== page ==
Extracts from Daniel Defoe’s Account of London

Selected by Pat Rogers
Introduction and Contents

The Haymarket

On the right side of the street, coming from White-Hall, is Northumberland-House, so called, because belonging to the Northumberland family for some ages; but descending to the Duke of Somerset in right of marriage, from the late dutchess, heiress of the house of Piercy.

’Tis an ancient, but a very good house, the only misfortune of its situation is, its standing too near the street; the back part of the house is more modern and beautiful than the front, and when you enter the first gate, you come into a noble square fronting the fine lodgings: ’Tis a large and very well design’d building, and fit to receive a retinue of one hundred in family; nor does the duke’s family come so far short of the number, as not very handsomely to fill the house.

The present duke having married the greatest heiress in Britain, and enjoy’d her and the estate for above forty years, and besides, having been master of the horse many years also, he is immensely rich, and very well merits the good fortune he has met with.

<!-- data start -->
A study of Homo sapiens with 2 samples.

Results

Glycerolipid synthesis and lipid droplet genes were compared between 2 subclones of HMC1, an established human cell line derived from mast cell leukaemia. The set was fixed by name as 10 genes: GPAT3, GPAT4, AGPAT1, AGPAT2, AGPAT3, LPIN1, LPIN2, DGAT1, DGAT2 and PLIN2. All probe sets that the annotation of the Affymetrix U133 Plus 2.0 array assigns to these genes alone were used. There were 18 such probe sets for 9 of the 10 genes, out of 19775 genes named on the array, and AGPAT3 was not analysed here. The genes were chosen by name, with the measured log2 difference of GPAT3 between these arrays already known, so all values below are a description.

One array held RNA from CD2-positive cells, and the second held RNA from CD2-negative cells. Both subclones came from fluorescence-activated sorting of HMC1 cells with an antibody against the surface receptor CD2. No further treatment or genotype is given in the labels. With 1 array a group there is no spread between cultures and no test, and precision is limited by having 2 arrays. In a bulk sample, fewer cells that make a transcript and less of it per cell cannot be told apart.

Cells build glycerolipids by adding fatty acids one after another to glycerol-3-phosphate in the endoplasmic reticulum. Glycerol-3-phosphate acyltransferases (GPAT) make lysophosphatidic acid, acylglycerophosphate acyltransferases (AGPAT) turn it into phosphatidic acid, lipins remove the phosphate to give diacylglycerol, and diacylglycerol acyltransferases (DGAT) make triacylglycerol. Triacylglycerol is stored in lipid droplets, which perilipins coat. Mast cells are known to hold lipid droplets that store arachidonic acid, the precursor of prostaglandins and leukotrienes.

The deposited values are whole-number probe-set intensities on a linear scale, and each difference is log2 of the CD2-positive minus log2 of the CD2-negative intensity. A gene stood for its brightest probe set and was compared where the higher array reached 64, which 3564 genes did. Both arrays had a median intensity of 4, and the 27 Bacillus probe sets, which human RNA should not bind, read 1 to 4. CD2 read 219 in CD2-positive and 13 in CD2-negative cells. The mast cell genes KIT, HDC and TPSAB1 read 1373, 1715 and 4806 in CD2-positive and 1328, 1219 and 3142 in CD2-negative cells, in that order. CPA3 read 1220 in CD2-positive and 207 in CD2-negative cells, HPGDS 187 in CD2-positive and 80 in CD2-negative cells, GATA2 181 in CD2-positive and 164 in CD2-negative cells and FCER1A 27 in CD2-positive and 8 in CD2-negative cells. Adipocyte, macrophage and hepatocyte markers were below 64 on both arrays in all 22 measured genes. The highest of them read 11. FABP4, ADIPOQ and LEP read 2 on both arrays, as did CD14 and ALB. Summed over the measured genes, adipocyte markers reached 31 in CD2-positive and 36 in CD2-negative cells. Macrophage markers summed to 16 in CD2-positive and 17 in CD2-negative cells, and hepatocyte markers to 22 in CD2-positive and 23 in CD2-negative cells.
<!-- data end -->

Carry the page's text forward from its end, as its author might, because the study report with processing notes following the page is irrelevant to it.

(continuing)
Advancing thence to the Hay-Market, we see, first, the great new theatre, a very magnificent building, and perfectly accommodated for the end for which it was built, tho’ the entertainment there of late, has been chiefly operas and balls.

These meetings are called BALLS, the word masquerade not being so well relished by the English, who, tho’ at first fond of the novelty, began to be sick of the thing on many accounts;

However, as I cannot in justice say any thing to recommend them, and am by no means, to make this work be a satyr upon any thing; I choose to say no more; but go on.

From hence westward and northward, lie those vastly extended buildings, which add so exceedingly to the magnitude of the whole body, and of which I have already said so much: It would be a task too great for this work, to enter into a description of all the fine houses, or rather palaces of the nobility in these parts: To touch them superficially, and by halves, is too much to imitate what I complain of in others, and as I design a particular account of all the houses of the nobility and men of quality in London, and the country fifteen miles round, in a work by itself; I bespeak my readers patience, and go on.